Muslims in Georgia celebrate Kurban Bayrami
By Ana Robakidze
Monday, October 6
Prime Minister of Georgia congratulated the Muslims of Georgia during the Kurban Bayram holiday. On October 4, the PM visited a mosque in Tbilisi and addressed the Muslims gathered there. He promised them full support of freedom in their religious belief and said the state will never ever let any kind of religious conflict take place in Georgia.
"This is the victory of good over evil, a great holiday of love, hope and charity and I would join your happiness with pleasure. We have always been proud of our tolerance. Our multicultural relations and coexistence are unique and unprecedented. The staged provocations that took place in recent years of course, will not affect our relationship. The government will always be uncompromising with regard to such provocations. We won't let anyone incite hatred between our citizens, especially on religious grounds", Gharibashvili said.
The PM highlighted Georgiaís cultural diversity and is proud of it.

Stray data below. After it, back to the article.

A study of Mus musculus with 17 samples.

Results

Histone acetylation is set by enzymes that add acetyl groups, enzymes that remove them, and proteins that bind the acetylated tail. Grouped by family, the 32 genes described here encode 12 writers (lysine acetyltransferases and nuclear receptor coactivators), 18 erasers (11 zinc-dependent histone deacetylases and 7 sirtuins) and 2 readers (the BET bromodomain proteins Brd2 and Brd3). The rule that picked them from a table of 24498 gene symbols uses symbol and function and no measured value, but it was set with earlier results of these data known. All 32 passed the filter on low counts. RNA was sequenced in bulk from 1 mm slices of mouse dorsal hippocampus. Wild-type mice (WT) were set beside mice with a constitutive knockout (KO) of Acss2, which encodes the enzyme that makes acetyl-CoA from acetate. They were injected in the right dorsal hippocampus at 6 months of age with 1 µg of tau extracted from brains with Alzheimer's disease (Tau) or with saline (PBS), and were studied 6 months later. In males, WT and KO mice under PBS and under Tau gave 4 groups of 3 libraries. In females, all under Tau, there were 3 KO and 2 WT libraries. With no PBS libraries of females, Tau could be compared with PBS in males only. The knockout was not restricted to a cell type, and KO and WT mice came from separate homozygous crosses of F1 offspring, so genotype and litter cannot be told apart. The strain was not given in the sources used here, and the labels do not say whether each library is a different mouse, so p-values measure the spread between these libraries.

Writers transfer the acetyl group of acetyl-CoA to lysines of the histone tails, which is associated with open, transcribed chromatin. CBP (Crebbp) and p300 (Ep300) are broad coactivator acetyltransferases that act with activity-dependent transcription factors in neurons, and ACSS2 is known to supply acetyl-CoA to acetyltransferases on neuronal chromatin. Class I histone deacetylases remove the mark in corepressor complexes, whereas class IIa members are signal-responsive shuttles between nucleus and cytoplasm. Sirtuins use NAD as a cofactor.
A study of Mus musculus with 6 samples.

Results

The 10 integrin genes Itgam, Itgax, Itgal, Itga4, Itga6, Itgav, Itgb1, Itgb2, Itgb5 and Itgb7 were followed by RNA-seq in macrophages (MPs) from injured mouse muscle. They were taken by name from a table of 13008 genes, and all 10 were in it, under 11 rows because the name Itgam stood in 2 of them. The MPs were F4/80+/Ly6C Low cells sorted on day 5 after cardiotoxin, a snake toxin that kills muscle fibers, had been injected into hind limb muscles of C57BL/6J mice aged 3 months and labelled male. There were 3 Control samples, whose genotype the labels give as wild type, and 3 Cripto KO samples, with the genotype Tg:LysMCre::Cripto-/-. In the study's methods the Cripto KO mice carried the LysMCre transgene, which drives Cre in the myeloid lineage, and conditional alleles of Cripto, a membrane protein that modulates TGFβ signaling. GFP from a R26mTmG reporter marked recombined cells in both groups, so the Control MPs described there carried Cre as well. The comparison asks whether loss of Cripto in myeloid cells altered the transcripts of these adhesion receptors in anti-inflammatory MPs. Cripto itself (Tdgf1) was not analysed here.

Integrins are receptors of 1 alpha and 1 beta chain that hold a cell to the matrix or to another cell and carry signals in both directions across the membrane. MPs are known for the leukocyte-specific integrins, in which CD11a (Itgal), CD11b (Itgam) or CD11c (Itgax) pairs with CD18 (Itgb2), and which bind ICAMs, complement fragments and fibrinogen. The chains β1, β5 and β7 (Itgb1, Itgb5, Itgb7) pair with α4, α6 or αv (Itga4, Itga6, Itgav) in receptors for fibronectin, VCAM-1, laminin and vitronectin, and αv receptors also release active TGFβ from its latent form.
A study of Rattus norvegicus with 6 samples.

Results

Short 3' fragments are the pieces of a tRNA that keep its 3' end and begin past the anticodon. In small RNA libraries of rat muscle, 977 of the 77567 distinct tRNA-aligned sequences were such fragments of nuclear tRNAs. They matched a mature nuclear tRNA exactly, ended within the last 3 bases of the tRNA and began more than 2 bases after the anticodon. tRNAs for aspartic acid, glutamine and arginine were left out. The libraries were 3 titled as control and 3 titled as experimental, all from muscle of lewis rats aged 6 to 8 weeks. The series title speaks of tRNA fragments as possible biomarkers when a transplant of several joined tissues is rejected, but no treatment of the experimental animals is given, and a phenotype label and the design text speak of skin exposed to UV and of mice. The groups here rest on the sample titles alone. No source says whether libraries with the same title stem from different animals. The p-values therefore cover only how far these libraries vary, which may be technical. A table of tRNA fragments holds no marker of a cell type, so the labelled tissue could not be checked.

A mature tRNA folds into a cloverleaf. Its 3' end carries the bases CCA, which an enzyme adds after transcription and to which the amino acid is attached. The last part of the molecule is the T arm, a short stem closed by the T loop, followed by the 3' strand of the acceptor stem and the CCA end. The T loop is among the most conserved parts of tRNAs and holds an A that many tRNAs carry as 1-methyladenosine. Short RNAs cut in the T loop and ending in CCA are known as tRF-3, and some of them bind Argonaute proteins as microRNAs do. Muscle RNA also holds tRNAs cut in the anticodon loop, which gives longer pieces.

Georgian President Giorgi Margvelashvili also congratulated the Muslims living in Georgia on the Bayram holiday.
"My dear fellow citizens, I cordially congratulate you on the great feast of Bayram. All of you celebrate the day of peace, hope, compassion, care and generosity. The Muslim community of Georgia is an integral part of our society, history and culture.
Your hard work and commitment is an invaluable contribution to the construction of a strong and prosperous Georgia. Your joy is joy for all of us. I join you in your celebration and I wish you and your familyís success, spiritual peace, prosperity and luck," the presidentís statement read.
Eid al-Adha meaning "Festival of the sacrifice", also called the Feast of the Sacrifice in Turkish, Kurban Bayram? is the second of two religious holidays celebrated by Muslims worldwide each year. It honors the willingness of Ibrahim to sacrifice his promised son Ismail as an act of submission to Godís command, before God then intervened to provide Abraham with a lamb to sacrifice instead. The meat from the sacrificed animal is preferred to be divided into three parts. The family retains one third of the share, another third is given to relatives, friends and neighbors, and the remaining third is given to the poor and needy.